There is no argument that quality teaching makes a difference in student learning. Teacher Professional Learning in the United States: Case Studies of State Policies and Strategies, the third report in Learning Forward’s study on the state of professional learning in the United States, notes that in the last decade, policymakers, researchers, and practitioners have come to the same conclusion: Teacher effectiveness is a key factor in improving academic outcomes for students.
Teachers have often told me they know which students come from a particular teacher’s class because they are so well-prepared. They also whisper to me that I should check out another teacher’s class scores because year after year his students are falling behind.
Many readers agree that professional learning is the single most important strategy for extending and refining their knowledge, skills, dispositions, and practices. It is troubling that in many ongoing discussions, professional learning is viewed as remediation.
Denver Public Schools seems to understand that educator effectiveness is more than a recipe. Its new system “is an opportunity to elevate the teaching profession,” says Tracy Dorland, executive director for educator effectiveness. "...This is about thinking of the profession differently, in a way that respects teaching as a complicated craft, requiring teacher leadership, strong collaboration with colleagues, reflection about practice, and constant efforts to improve instruction for the students whose lives we impact every day.” I hope more and more systems will come to share this perspective.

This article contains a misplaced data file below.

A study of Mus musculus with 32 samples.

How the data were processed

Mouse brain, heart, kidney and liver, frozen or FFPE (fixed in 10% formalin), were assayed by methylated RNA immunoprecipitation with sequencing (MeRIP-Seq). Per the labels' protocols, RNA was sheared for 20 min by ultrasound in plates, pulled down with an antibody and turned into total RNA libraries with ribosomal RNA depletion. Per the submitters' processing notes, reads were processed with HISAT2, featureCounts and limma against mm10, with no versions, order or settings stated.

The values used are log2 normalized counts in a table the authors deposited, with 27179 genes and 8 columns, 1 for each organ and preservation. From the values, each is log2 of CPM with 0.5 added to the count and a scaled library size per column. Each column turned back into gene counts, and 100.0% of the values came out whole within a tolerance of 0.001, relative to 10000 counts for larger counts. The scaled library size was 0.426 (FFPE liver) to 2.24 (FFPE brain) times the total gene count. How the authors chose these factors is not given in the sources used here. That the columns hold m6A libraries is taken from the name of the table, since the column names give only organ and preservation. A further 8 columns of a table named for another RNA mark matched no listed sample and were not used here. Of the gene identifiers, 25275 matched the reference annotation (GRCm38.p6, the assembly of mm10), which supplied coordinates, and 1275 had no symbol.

Teachers need many skills for their complex profession. It is through learning -- that is, experimentation, making mistakes, reflecting with colleagues, embracing new learning opportunities, getting feedback, reading books -- that the members of any profession, and particularly educators, become most effective.
Past president, Learning Forward
The opinions expressed in Learning Forward’s PD Watch are strictly those of the author(s) and do not reflect the opinions or endorsement of Editorial Projects in Education, or any of its publications.